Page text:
Nasir el-Rufa’i, Governor of Kaduna State says Prof. Andrew Jonathan Nok, the late Kaduna State Commissioner of Education, Science and Technology, was a pillar in his cabinet. The Governor said this while expressing shock over the death of the Professor who died in the early hours of Tuesday in Kaduna. Mr. el-Rufa’i has led members of the State Executive Council to visit and commiserate with the Nok family.
Although details of his death is still sketchy, a source at the Kaduna Government House said the commissioner died after a brief illness. An official of the state said he fell ill over a few week ago, was hospitalised and discharged last week after he recovered and was to resume work Monday, before suddenly relapsing.
While describing Mr. Nok as one of the best the country has produced, and one of the most committed persons to have served Kaduna State, Mr. el-Rufa’i said he was “a man of intellect, ability and deep conviction who will be sorely missed.
“A pillar of the cabinet, a man as distinguished in learning as he was a capable administrator, adept at getting things done and dedicated to the progress of the state.
“Professor Nok was one of the best this country has produced, and one of the most committed persons to have served Kaduna State. He was steadfast, rigorous and very successful in implementing our project to improve health and education in the state. He will be sorely missed,” the Governor said.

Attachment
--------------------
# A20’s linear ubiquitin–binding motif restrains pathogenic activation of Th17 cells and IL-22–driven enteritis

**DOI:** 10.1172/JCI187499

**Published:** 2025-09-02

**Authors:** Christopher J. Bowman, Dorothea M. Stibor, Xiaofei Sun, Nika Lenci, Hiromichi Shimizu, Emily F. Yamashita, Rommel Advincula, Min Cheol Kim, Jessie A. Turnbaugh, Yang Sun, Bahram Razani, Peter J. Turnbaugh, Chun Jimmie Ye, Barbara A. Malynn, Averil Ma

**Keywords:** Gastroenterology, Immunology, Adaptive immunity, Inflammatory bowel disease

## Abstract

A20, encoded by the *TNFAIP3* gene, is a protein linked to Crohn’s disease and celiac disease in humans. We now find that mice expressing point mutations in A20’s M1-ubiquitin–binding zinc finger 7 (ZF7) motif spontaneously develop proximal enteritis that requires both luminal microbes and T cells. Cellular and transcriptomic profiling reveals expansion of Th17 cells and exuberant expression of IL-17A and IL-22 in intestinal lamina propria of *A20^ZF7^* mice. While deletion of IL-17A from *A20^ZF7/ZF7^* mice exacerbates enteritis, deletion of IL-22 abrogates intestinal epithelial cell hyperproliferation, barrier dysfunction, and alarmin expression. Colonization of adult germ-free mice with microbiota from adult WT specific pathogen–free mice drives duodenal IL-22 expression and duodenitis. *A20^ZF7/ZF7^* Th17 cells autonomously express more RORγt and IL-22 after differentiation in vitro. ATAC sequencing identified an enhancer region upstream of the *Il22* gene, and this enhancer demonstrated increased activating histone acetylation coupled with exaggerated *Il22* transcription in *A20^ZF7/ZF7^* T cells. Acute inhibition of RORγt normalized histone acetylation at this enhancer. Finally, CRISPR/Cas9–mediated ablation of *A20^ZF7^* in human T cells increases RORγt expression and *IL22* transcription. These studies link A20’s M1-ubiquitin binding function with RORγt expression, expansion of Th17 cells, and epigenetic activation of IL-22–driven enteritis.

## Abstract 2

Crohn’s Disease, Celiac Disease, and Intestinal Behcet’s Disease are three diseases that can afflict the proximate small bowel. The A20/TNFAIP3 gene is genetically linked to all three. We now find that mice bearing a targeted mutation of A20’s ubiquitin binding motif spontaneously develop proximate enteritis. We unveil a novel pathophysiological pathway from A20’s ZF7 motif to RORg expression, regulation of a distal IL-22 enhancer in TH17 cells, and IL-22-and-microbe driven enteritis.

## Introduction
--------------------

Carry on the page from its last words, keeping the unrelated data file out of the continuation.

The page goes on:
Mr. Nok was appointed Commissioner for Health and Human Services in August 2015. He superintended the programme to equip 255 primary health centres with tools to save infants and pregnant women.
Following a cabinet reshuffle, he moved to the Ministry of Education, Science and Technology in 2016. He championed the renovation and rehabilitation of schools, the training of teachers and the provision of better learning aids.
The late Commissioner was a Professor of Biochemistry at the Ahmadu Bello University, Zaria. Acknowledged in the science community for his contributions, Mr. Nok won the Alexander Humboldt prize in 2013 for his research into finding a cure for trypanosomiasis.
In 2009, he won the NLNG prize for identifying the gene responsible for the enzyme which causes sleeping sickness (trypanosomiasis).
The Nigerian government also honoured him with the Nigerian National Order of Merit (NNOM).